Back in the day, I was involved in many protests. I chanted during Take Back the Night. I crouched in a locked cage with other Amnesty members. I sat at petition tables. I went to anti-war rallies. I could always be counted on to show up for any progressive social cause. I kinda got off on it. It felt exciting and subversive. A lot of people would say I am pretty quiet, but I loved shouting with other people. It felt powerful to be protesting in a group, and if people ignored us, it was almost better. Then we could feel lofty and martyred, like we were so much more evolved than everyone else. I felt connected and strong.
I don’t go to many protests anymore, although I still think they can be an important form of social action. As I was shredding carrots for dinner today, I thought about all of the marches and how I really wanted to feel like I was a part of something bigger than myself. Part of a revolution.
Then, I considered the carrots and how hard Franklinton Gardens worked to plant and harvest them before organizing a produce stand and finally being able to sell them to our neighbors. Growing and making things ourselves is such an arduous process. I get so frustrated by even how long it takes to chop up fresh vegetables and make a meal from scratch, let alone wait for our garden to produce the vegetables. Never mind the environment and the health of our neighbors. When it comes to making a difference, part of me wants to show up and march for a couple hours and be done.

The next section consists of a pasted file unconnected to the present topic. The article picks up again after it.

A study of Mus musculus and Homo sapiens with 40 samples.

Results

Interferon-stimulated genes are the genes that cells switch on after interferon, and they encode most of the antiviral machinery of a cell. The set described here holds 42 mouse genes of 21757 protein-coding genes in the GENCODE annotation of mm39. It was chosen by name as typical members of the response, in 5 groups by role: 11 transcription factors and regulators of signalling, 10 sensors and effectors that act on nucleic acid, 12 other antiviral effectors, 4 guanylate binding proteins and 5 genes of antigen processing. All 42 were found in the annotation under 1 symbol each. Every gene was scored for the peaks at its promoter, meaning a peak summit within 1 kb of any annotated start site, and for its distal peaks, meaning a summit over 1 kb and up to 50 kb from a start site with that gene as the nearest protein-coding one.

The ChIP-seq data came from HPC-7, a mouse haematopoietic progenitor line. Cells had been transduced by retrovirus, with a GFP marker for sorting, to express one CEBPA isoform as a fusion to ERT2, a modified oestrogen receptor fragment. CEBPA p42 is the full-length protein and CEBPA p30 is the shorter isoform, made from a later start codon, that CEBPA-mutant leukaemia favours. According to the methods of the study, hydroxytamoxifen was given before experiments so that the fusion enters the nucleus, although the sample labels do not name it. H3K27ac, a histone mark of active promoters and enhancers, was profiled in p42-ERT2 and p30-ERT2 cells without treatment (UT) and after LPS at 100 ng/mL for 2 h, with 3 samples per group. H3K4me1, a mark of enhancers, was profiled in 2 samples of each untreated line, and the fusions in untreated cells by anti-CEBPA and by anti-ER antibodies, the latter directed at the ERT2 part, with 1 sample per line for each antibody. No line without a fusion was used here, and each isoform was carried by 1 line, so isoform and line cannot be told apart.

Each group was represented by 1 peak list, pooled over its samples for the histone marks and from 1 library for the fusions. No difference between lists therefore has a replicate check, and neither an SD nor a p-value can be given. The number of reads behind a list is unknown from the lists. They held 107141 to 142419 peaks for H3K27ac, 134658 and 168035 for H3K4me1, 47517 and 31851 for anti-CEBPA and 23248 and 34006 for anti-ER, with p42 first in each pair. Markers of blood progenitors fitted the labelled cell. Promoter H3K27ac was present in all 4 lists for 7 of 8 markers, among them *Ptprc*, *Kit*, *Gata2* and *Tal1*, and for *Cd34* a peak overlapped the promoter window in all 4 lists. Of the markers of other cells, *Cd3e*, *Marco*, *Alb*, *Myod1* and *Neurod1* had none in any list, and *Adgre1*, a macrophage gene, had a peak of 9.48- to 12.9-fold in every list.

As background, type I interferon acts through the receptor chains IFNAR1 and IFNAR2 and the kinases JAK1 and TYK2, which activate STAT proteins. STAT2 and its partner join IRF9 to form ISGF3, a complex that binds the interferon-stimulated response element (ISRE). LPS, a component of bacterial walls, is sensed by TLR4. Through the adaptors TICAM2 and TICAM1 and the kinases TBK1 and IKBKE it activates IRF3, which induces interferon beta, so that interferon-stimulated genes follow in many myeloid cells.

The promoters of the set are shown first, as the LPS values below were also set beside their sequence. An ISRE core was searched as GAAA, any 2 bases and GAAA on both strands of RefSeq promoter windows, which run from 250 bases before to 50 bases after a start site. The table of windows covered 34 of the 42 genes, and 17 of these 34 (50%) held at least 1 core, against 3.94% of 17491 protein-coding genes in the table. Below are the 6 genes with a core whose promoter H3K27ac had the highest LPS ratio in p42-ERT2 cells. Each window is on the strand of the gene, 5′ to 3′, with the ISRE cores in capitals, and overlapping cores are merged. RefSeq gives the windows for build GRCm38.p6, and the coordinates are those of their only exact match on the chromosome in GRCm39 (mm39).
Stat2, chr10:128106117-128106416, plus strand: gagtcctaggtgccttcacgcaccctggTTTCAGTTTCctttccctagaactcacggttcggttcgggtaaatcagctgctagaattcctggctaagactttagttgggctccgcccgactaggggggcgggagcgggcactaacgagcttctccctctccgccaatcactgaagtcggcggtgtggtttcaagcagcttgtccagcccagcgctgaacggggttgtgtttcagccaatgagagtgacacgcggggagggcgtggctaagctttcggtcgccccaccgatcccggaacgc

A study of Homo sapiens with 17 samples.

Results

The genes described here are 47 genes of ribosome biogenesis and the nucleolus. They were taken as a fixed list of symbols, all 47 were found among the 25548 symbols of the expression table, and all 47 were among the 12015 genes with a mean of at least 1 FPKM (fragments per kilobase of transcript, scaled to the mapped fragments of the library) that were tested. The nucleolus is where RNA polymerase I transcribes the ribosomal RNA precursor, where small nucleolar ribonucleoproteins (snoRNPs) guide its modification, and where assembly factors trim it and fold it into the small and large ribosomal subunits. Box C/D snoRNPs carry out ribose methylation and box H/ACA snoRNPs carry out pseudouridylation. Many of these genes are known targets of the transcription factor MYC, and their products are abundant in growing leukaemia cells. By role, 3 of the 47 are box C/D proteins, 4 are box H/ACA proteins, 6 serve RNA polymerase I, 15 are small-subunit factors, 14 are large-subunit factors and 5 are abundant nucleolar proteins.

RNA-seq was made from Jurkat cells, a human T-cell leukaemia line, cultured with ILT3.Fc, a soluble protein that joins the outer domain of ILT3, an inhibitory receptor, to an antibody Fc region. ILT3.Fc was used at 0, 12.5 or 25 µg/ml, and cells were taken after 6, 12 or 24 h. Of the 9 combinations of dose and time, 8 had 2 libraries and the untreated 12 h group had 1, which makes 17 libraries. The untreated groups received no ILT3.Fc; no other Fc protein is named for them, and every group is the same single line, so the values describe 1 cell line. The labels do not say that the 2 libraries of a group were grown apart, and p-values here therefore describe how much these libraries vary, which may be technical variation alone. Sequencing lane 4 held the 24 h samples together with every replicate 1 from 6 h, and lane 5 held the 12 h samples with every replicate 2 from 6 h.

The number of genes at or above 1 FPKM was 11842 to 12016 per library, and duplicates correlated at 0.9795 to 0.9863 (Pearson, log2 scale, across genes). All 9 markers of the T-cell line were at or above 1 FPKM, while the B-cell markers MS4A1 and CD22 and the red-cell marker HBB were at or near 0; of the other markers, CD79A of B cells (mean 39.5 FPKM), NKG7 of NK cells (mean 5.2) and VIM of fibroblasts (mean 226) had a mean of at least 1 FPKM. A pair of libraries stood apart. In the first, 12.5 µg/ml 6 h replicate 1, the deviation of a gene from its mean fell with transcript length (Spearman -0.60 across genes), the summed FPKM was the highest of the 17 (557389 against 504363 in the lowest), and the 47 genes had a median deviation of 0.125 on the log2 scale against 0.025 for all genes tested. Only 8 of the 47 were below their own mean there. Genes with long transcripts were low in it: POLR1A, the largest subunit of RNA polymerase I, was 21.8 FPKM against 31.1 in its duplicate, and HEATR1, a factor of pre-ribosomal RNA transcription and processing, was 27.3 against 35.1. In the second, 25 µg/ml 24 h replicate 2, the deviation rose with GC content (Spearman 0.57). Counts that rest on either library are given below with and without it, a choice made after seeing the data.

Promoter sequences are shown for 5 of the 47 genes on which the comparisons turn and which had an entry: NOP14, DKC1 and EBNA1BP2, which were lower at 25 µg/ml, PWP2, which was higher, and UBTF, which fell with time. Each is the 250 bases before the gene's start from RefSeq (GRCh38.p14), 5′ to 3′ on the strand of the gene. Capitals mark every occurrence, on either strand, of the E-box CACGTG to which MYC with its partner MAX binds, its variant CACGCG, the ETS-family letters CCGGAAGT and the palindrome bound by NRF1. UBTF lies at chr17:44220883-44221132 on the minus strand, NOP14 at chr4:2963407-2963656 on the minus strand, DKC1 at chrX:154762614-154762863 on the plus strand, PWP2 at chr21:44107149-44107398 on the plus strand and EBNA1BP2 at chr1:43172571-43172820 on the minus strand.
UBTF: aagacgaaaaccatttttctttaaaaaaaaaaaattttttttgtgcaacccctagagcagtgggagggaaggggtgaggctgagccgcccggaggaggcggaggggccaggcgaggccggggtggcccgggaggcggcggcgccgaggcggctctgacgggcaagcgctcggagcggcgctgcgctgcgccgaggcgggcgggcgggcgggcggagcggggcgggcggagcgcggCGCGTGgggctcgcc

But as it turns out, this is the revolution. Carrots and community. This is the just cause I was always waiting for. It is growing food, riding bicycles, loving people, living simply.
It feels quiet. It feels tedious, like hard work. It feels like there should be chants and people watching. It feels like a prayer.
It wasn’t what I expected. I think I always figured that I would be superficially involved with all of the big causes that I cared about in college. Maybe I would show up to local meetings or send checks every once in awhile. I thought I would be one of the fashionably political liberal academics, and I guess that I still try to be. But somewhere along the way my hands got (at least a little) dirty and what seemed important shifted.
So what do you do when you find out that carrots are the revolution? You keep shredding them. You make golden carrot bake. You feed the remains to the goats and chickens. Basically, you eat them and you keep going. And you are stronger.